When his father became ill and his mother had to pick up the slack, Cooper had to grow up quicker than most. When he was cut from his high school football team as a sophomore, he had to instead spend the season as a team manager, because it was as close to the game as he could get. When he was injured and his test scores didn't qualify to get him into Clemson, the school to which he committed, he had to change his choice to Division I-FCS South Carolina State.
That's enough major adjustments for anyone's first 25 to 30 years of life. Cooper faced another after he wasn't selected by an NFL team in the 2016 draft, a journey chronicled in NFL Network's Undrafted, airing on Tuesdays at 8 p.m. ET.
But Cooper has already met his greatest challenge, one he faced after transferring to The Citadel to use his last year of NCAA eligibility after graduating from SCSU.
The plan was to play with his younger brother, Destin, a star running back in high school. They were on the path to live out their dreams as teammates for one season.
Then, tragedy struck.
Four days after Cooper arrived at The Citadel, Destin died from internal injuries suffered in a car accident. Cooper had just finished a day of workouts with his new teammates when he received the call, which threw him into a whirlwind of sorrow.
"I actually had just helped him get a job at Champs," Cooper said. "In my mind, I'm at a new school, I'm competing with everybody. I'm telling him I'm out here doing this and practicing.
"His favorite player was LeBron James," Cooper said. "He loved the Cleveland Cavaliers too. I was just talking trash to him about Steph Curry. After the Finals, my mom called me that morning and told me everything that happened."
But Cooper has always rebounded as a stronger, better person in the face of adversity.
After he was cut in high school, he was named all-state in each of his final two high school seasons. He starred at SCSU, where the Bulldogs won two conference championships. And instead of allowing his brother's death to sink his football dreams, it took him to a new level of focus, effort and as a result, success.
"Before my brother passed, I didn't really cherish stuff as much as I do now," Cooper said. "After losing him, I went back [to The Citadel] like 'yo, I've really got to leave it all out here.' I'm running extra after practice. I'm running to the other side of the field every play. I'm trying to do the extra stuff, the little things.
"I carry that with me every day, just in life. That's why, with the foundation I started, We Ball 4 Destin, I don't want it to just be thought of as a football thing. When I say we ball for Destin, we're ballin', we're doing it big in whatever you're doing in life, and I just walk with that. ...I'm ballin' for my brother."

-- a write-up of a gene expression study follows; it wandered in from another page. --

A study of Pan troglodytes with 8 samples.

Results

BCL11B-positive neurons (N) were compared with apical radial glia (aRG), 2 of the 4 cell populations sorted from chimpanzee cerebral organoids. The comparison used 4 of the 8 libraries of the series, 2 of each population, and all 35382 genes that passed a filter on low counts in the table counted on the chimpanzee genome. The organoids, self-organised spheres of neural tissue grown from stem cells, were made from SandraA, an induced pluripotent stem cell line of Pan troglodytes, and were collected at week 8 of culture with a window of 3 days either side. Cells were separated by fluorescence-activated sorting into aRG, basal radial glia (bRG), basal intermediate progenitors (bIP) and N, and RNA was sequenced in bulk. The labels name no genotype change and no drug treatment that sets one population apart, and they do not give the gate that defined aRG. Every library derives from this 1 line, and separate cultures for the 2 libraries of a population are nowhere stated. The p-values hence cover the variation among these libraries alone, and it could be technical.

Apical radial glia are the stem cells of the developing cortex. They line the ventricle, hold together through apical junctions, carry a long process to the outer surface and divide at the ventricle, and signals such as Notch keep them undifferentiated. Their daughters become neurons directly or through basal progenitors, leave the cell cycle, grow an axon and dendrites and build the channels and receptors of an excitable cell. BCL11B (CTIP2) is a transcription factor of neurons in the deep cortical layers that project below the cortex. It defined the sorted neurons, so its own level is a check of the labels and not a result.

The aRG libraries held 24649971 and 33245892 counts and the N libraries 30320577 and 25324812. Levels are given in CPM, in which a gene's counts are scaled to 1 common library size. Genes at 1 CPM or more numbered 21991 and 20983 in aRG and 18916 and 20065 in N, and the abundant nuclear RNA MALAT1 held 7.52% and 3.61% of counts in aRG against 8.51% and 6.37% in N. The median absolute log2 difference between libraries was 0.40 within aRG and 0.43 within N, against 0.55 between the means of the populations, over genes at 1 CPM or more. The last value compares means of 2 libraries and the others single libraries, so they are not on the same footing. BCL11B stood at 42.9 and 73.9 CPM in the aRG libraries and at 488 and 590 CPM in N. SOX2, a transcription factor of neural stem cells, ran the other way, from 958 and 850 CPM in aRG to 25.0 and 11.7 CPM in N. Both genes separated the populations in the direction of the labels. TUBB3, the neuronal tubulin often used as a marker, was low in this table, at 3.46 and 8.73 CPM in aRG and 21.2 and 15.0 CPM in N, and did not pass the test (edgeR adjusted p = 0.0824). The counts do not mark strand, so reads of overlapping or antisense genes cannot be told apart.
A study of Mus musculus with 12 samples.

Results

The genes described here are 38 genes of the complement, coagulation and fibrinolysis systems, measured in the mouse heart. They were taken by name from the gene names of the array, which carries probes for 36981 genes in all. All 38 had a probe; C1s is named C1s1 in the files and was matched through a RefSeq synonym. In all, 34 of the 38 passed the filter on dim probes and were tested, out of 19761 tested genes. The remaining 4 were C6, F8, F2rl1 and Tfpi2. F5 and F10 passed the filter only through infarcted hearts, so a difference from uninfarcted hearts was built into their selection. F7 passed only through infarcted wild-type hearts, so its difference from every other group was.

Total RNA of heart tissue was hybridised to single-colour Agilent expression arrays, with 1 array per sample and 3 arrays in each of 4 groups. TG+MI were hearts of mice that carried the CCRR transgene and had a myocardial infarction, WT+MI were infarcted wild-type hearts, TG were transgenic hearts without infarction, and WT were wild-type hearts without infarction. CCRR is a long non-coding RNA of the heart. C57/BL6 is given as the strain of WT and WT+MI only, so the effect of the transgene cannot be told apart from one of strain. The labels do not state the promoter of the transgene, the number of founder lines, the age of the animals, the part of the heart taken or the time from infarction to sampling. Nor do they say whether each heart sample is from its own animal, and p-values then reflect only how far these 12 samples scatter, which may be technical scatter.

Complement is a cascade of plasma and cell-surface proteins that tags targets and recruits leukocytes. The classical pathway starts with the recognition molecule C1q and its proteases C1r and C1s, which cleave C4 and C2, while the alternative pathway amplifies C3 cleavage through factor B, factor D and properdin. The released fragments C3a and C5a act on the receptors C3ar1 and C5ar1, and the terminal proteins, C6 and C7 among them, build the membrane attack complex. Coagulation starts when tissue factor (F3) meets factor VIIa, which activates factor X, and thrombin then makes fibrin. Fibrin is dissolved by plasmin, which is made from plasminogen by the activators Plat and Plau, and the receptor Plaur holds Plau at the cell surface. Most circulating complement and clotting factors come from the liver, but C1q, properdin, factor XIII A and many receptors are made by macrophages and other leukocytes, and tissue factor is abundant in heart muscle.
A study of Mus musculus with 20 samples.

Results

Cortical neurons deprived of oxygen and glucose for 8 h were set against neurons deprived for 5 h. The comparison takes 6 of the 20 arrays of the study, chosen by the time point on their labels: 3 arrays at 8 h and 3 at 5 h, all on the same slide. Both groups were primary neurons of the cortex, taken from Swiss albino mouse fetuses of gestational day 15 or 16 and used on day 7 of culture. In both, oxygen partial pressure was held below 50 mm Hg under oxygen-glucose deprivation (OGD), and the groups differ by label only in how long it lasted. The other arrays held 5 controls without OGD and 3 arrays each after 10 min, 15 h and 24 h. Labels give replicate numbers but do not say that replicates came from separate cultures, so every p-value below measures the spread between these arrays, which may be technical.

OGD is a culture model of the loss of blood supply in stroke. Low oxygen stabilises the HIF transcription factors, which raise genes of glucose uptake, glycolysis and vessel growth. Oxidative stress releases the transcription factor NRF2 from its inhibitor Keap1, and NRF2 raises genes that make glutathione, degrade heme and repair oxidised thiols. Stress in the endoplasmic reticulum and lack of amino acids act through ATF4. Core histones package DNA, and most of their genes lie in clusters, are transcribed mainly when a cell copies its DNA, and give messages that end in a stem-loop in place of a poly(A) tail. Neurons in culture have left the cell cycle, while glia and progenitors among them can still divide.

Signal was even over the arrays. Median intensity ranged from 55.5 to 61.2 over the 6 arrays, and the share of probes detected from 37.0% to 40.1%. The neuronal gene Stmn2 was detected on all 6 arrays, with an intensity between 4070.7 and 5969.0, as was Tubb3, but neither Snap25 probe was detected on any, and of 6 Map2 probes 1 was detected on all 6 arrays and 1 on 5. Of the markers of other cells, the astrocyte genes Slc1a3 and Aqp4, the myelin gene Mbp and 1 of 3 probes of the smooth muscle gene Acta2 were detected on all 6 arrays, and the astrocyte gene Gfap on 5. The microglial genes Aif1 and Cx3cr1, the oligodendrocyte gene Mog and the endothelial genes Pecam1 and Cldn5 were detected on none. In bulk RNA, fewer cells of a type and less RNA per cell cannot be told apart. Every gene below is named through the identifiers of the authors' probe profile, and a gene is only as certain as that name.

After helping The Citadel to a share of the conference championship, Cooper went to Oxford, Mississippi, where he trained for his professional football pursuits with his cousin, former NFL All-Pro defensive end Derrick Burgess. There, he worked on perfecting his craft and learned life and football lessons from Burgess while hoping for a shot at the NFL -- and also spent time grieving.
"He helped me enhance the mindset of controlling what you can control and not worrying about what you can't," Cooper said, "because you can be here today and gone the next day."
It resulted in an invitation to Redskins rookie camp, where he beat out 33 fellow rookies for one of two roster spots. He landed in training camp, practicing and learning alongside seasoned veterans, including star cornerback Josh Norman. Cooper learned three positions -- corner, free safety and strong safety -- played in preseason action and put together game tape he feels will get him another shot, even after he was released on an injury settlement stemming from a strained rotator cuff.
He was forced to adjust yet again, relegated to training and getting healthy while awaiting a phone call from an NFL team.
Now, healed up, ready to play and eligible to be signed, Cooper awaits a call from one of a handful of clubs he says are interested in him. He could land on a practice squad any day now.
"Right now, I've just got tunnel vision," Cooper said. "I've done got a taste. My focus is on a whole new level right now. I've been talking to a few teams and I honestly feel like I'm not done playing football."
If and when Cooper's name pops up in a league transaction wire, he'll have his bags packed and ready to take on a new challenge. After all, he's already shown he knows how to call an audible.